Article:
What are the odds?
This activity reveals the odds of winning the Lottery and of other events. It gives the opportunity to discuss the differences between the perception and the reality of winning the National Lottery.
Materials to print:
Event handout cards, Odds handout cards, Practitioner answer sheet
- Provide the group with a set of ‘Events Handout Cards’.
- Ask the group to put the cards in order from the most likely event to the least likely event, asking them to consider the likelihood for the UK only.
- Go through the order they have chosen, asking them to guess what the odds are for each event.
- Provide feedback by giving the correct odds for each event, so that the young people can rearrange their cards in the correct order (as you do so, you could hand them out the ‘odds cards’ to be matched to each event, as a visual aid).
- Encourage discussion of the correct likelihood for each event and how perception might affect one’s choices of gambling. Particularly, reflect on the implications of 1:97 chances of winning £30 with a lottery ticket (minimum cash win at the national lottery, when matching 3 main numbers):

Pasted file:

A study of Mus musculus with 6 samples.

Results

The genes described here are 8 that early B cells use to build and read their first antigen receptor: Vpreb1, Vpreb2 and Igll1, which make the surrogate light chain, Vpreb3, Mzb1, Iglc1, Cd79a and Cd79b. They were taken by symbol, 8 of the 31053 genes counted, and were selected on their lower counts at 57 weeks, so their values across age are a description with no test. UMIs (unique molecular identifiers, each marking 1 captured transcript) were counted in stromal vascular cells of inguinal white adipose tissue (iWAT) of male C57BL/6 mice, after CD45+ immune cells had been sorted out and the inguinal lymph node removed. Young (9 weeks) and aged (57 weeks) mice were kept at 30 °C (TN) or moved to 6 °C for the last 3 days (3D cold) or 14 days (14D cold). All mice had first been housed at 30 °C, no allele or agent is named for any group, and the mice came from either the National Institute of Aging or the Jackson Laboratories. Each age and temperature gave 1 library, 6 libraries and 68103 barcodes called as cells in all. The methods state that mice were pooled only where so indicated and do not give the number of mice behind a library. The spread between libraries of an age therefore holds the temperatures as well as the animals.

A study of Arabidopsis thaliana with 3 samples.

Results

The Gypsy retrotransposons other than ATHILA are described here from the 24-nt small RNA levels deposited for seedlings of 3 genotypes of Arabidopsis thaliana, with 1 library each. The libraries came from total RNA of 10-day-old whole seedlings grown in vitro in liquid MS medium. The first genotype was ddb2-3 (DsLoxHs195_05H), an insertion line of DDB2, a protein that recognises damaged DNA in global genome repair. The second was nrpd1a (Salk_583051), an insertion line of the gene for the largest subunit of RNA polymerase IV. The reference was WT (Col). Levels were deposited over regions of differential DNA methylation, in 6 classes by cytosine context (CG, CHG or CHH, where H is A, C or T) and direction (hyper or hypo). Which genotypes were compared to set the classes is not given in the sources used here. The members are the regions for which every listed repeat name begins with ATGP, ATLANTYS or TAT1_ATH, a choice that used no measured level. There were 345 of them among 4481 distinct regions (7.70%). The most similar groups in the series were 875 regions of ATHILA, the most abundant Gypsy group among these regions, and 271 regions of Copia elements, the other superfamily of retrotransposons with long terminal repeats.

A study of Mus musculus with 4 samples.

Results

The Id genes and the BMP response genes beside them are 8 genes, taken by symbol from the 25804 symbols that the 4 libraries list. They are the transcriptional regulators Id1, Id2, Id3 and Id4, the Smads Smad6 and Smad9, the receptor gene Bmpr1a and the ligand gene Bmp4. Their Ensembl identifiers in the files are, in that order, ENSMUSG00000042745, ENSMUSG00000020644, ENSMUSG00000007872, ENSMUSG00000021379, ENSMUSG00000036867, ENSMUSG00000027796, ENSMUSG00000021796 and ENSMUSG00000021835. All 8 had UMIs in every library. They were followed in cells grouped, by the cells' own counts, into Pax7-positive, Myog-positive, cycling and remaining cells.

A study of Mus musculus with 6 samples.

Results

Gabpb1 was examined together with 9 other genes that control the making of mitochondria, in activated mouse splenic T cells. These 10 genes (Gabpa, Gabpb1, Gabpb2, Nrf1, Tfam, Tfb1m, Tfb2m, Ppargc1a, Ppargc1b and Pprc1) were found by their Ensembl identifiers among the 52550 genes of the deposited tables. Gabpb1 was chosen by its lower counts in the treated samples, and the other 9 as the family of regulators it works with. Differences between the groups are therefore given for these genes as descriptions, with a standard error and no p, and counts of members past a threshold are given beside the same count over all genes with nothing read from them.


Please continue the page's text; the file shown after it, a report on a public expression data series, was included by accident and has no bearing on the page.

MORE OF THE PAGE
this is of course much more likely than winning the jackpot (1:45 million);
1:97 means that on an average every 97 tickets there is one winning ticket for £30 (yet it’s an average, so sometimes there could be none and in other cases there could be more than one £30 winning ticket);
given that 1 lottery ticket costs £2, even if I win £30 once, the reality is that every 97 tickets I will have spent £194 to get £30 back, so I will be still in a loss of £164;
on average, for every 97 people who buy 1 lottery ticket each, there will be just 1 person winning £30, yet this winner will usually tell other people about the £30 win, whilst all those who have lost will stay quiet. This may change people’s perceptions, who might not realise how common losing is.
If it’s a big group, you could divide it into teams and use multiple sets of cards.
You could give 1 card to each person and then ask the group to stand up, forming a line from the person with the most likely event to the one with the least likely event. Then proceed from step 3.